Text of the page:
Apple Inc might have paid extra attention to Chinese consumers by launching new iPhone models with several functions that have long been popular in China, but Chinese fans are unimpressed.
Apart from the lack of significant breakthroughs in exterior design and technology, an escalating trade dispute between China and the US has pushed costs higher for companies such as Apple, which relies heavily on a supply chain running through China.
All these issues point to the fact that the new iPhone might not be able to reverse Apple's declining performance in China, analysts noted.
After the California-based tech giant released three new models of its lucrative iPhone line, mockery and sarcasm targeting Apple's lack of innovation and technological breakthroughs filled Chinese social media on Thursday.
"High-resolution, big screens, extra long battery life, swipe to unlock, dual SIM cards - all these are advertizing slogans used by Chinese copycats 10 years ago," Liu Dingding, a Beijing-based telecom watcher, wrote on WeChat.
"Apple has the capability to innovate, but instead it copied from the copycats," he said.
"This is a launch event that lacks innovation and highlights," an online commentator wrote, adding that "Apple even bragged about a little extra battery life."
At the launch event early Thursday morning (Beijing time), Apple released three new iPhone models - the iPhone XS, iPhone XS Max and iPhone XR. The latter, according to Apple, boasts the most advanced LCD in the industry, faster facial ID, the smartest, most powerful chip in any smartphone and a breakthrough in the camera system.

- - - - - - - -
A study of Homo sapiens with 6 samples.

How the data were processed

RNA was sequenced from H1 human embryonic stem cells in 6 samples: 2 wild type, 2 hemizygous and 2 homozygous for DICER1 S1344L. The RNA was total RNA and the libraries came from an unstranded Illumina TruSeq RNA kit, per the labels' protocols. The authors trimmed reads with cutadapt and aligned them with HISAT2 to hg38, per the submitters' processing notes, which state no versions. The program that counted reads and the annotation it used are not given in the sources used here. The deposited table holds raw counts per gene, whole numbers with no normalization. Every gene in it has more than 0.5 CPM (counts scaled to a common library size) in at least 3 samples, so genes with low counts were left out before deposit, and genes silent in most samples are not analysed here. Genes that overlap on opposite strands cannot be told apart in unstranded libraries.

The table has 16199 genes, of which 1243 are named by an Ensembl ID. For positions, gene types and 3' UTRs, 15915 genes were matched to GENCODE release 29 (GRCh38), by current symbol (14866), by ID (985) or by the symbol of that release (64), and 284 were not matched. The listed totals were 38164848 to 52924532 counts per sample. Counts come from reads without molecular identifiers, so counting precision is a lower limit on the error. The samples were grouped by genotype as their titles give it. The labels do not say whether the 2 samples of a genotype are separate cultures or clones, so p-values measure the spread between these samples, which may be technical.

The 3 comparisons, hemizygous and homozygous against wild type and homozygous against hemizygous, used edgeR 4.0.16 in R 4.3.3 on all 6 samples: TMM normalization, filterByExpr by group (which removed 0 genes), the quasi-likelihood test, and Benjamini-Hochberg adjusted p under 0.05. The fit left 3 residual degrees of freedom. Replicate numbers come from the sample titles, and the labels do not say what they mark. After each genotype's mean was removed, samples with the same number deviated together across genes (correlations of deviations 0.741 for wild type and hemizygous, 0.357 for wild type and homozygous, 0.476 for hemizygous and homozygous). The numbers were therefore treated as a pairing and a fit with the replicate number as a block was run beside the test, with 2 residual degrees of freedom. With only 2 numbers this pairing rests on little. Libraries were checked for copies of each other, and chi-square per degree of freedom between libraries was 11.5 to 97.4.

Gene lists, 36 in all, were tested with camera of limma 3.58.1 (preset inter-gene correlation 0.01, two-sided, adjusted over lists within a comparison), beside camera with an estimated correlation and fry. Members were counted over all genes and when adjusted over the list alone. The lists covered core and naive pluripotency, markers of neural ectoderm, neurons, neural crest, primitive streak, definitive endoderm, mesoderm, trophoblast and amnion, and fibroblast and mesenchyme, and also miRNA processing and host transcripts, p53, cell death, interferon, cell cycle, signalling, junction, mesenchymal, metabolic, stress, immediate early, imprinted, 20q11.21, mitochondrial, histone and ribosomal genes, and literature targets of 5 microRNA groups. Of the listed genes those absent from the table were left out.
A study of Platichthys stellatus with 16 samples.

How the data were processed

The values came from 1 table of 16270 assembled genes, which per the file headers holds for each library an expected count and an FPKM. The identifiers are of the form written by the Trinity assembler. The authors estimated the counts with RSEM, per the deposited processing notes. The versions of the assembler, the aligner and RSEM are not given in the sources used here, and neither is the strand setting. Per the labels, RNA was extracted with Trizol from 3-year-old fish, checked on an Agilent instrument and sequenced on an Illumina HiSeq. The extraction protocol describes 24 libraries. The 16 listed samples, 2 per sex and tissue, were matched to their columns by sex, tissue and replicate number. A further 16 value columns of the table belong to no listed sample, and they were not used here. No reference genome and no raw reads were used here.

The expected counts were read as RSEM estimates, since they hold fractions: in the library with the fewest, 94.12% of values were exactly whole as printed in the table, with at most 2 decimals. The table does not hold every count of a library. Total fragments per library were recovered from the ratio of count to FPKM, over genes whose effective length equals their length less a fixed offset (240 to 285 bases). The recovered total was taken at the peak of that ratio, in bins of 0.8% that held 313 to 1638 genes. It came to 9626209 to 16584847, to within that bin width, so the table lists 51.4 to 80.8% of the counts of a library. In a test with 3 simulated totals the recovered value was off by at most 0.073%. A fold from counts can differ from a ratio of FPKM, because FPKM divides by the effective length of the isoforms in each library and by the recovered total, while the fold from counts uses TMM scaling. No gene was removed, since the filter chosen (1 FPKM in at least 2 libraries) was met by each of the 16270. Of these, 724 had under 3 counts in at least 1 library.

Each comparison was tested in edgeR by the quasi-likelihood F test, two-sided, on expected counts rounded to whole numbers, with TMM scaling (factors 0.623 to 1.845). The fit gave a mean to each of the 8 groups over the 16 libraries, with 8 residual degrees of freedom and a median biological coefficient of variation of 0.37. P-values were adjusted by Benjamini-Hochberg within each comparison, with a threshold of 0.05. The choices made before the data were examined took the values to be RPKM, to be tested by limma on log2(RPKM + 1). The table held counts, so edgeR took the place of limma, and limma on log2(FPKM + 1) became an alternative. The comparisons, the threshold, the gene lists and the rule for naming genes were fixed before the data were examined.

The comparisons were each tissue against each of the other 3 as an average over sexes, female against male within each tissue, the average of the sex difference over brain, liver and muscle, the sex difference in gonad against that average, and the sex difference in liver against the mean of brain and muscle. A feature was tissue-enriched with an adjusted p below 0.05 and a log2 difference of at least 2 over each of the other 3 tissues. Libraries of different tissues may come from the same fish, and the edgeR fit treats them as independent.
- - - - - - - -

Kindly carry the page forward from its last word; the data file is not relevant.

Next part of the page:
"No other phone is like an iPhone," Apple said. But Chinese fans saw it differently.
"I can't point to anything that is the new iPhone has that much cheaper Chinese smartphones do not," one long-term Apple fan in Beijing told the Global Times. "I don't see any reason to upgrade from my iPhone X to a new one."
Despite the lack of innovation, the new iPhones are the "most expensive smartphones ever," Liu pointed out. The most expensive version of the new models could cost as much as 12,799 yuan ($1,869.48) in China.
"There is indeed a trend: iPhones are constantly getting bigger and more expensive," Wang Yanhui, head of the Shanghai-based Mobile China Alliance, told the Global Times on Thursday, blaming rising costs in the iPhone supply chain in recent months and declining sales.
All these factors will not help Apple's declining performance in China, where iPhones are increasingly squeezed out of their long-dominant role, analysts added.
In the second quarter, Apple had the fifth-largest market share in China, with Chinese brands - Huawei, Oppo, Vivo and Xiaomi - grabbing the top four spots, according to market consultancy Canalys on July 25.